The Murder of Anwar Teriaki



For those of you who are unaware of the person I am about to write of, I will fill you all in. Mr Anwar Teriaki was found shot dead outside a Roxburgh Park home on Coronet Avenue. Many believed this was the result of “Gang wars” or a “Drug dealing gone wrong.”

Now, this is ultimately where they took a wrong turn on reporting ‘Oh falsified’ news sites. A man was murdered near his home and his parents had to discover that their first born son’s body was lying on the street. To not only discover your son dead but to also discover him in such a condition… and yet reporters wasted no time on claiming that Mr Teriaki was an evil person. This is a way to state, without initially stating, that he deserved to die that way.

Imagine sitting across from his grief stricken mother. She cannot stand on her own feet, her face is red, her eyes are swollen and her body is shaking. She is crying out his name like a broken record as she holds his photograph against her heart. What could you possibly say to her? Try to imagine approaching a woman who has just lost a part of her and asking her if she thought her own son was dealing in the underworld crime gangs or if she had known he was dealing drugs to end up being shot dead on the street outside her home. You wouldn’t and thats why reporters have kept their distance from the main family. I don’t believe it was out of respect. It was so they could report on the matter, in their own biased way, without being emotionally attached to the murder of Anwar Teriaki.

That is why, when quoting his sister when she posted a photo of her brother on social media and wrote that her brother had a “heart of gold”, they had quoted that a “friend” had said that and not his sister. They did that because quoting a direct family member would make the readers feel sympathy for Mr Teriaki. Instead the words of a “friend” was used. How much can we believe from a friend of the victim? How much could they have known about Mr Teriaki compared to a family member who grew up with them?

That is why they took several photographs of his male friends and relatives gathering in groups. It was done not to report on his passing but to make it look like a a gang related incident. The initial and obvious thought was “let me quickly photograph these rowdy middle-eastern boys and we will state that they are grieving but these images will portray the exact opposite.” As long as the story sells, right?

A persons life does not amount to the way they die and many people already know this for a fact, but the only reason this has been ignored is because the man who died was of middle-eastern decent. Yes, I said it. It’s hard for anyone reading this to swallow because they know it is true. Even if the drug-related rumours were true and he was involved in something, it did not mean he deserved to be shot dead on the street.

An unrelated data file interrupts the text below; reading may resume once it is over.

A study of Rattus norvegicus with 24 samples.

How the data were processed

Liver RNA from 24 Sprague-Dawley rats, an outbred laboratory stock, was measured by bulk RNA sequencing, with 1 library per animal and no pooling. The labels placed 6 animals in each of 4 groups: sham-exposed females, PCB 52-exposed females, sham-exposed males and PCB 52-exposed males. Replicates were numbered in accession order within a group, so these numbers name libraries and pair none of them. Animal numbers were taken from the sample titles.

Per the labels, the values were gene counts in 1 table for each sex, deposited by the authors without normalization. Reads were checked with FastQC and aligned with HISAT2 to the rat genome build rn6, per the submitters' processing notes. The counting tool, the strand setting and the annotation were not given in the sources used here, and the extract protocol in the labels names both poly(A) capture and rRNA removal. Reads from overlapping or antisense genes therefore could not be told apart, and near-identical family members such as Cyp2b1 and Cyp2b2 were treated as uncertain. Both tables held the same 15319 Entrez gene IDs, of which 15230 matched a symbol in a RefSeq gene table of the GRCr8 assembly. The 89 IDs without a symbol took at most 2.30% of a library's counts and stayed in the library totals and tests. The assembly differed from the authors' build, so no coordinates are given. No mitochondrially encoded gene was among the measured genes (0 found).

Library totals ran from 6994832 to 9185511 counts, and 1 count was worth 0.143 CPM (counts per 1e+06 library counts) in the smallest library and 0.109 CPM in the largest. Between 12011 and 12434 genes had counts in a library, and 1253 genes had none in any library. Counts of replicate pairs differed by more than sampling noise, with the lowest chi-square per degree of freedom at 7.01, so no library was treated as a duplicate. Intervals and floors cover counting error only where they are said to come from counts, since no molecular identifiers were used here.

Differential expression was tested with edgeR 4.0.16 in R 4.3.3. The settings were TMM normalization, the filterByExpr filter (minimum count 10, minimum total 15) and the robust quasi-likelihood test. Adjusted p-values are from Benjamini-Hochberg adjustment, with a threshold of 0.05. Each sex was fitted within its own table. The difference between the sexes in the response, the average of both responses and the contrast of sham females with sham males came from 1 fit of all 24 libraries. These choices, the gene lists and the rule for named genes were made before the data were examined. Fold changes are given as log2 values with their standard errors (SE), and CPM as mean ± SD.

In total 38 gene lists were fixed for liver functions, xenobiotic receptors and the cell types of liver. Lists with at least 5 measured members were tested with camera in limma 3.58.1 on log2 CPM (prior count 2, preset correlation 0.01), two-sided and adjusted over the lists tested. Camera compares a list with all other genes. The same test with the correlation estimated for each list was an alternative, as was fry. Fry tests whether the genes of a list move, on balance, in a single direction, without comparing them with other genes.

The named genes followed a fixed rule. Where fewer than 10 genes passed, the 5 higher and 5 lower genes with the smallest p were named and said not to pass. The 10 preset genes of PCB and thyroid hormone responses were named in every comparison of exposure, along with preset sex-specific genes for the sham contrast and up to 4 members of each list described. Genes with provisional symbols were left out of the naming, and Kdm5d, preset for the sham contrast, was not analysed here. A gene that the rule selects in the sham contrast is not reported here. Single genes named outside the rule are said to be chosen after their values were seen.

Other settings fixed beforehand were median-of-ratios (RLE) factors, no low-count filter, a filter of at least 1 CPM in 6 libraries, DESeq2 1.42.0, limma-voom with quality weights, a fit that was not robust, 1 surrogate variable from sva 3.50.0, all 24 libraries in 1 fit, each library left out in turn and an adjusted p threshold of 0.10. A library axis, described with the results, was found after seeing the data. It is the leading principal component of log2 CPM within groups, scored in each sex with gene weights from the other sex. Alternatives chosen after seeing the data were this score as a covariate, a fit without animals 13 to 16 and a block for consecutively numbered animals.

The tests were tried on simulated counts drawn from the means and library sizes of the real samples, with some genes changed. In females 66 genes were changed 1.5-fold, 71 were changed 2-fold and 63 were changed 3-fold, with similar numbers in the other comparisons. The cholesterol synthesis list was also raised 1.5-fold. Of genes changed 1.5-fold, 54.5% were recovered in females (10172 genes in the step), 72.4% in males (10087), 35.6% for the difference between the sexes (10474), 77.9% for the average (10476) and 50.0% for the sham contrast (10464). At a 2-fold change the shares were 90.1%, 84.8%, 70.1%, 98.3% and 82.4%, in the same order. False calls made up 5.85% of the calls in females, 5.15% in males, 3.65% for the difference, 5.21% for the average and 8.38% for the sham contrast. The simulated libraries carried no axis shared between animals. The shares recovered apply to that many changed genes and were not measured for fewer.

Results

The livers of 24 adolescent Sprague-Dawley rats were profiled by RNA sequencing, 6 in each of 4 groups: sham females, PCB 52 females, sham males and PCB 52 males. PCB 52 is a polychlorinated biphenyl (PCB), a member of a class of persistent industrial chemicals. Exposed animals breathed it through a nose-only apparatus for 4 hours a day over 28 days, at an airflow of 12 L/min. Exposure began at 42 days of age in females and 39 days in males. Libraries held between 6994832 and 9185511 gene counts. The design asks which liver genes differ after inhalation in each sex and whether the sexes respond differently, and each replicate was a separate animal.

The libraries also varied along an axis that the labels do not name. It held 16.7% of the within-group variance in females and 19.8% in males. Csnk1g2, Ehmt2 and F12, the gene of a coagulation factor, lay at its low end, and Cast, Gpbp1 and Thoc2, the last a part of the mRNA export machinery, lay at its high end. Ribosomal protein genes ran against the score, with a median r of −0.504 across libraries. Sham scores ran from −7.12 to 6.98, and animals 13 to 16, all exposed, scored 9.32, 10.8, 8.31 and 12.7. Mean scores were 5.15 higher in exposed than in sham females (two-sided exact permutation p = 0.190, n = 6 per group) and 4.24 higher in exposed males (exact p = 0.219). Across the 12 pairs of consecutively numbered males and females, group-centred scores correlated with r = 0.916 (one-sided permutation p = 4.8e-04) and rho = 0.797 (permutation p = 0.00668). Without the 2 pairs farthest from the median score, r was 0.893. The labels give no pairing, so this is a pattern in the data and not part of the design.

Nobody, not even the police at this point are aware of the initial reason of this fatal shooting. To open up a social media site and see false news report linking him to the Tiba family and claiming he was an “underworld figure” made my skin crawl. “Why oh why were they trying to paint this man as a bad guy?” I thought to myself. “Was he not just  murdered in cold blood? Why couldn’t they just leave his family alone? They were all in so much pain. Where was the respect they deserved in this horrific time?”

It was as I had predicted, they had painted Mr Anwar Teriaki with a single stroke. One of a violent and evil nature. They had initially linked him to two other shootings that occurred in Roxburgh park days after Mr Teriaki’s passing. There was no initial evidence that linked him to these shootings and no police statements had been released and yet news outlets reported on the possible link. Now this is not the problem. It was fine to report on the link, however, how they reported on it was wrong. They claimed he was an “Underworld Figure” and after reading that sentence I was taken back. A 21 year old kid who worked at McDonald’s until recently, who on most occasions was a respectful and great uncle to his nieces, who as family members claim was “very family oriented”, was an “Underworld figure?”

I am not usually one to not jump to conclusions but this just wasn’t making sense. Even after news outlets reported on the link being false, no form of apology was made to their family for their ill words. Is it just an “Oops, my bad?” situation or did they not realise that what they reported could be heard or read from his mother, his father, his sisters and his only brother? Did they not realise their words affected his aunts, his uncles, his cousins, his friends and even his neighbours? What of the people who knew him inside out? To hear news outlets speak of a completely different person, how do you think they would have felt? Or is it okay because he’s just another “Arab boy” who got shot?

I can only hope the media starts reporting actual facts regarding the case and not just spreading lies and ludicrous theories.

May you rest in peace, Anwar Teriaki.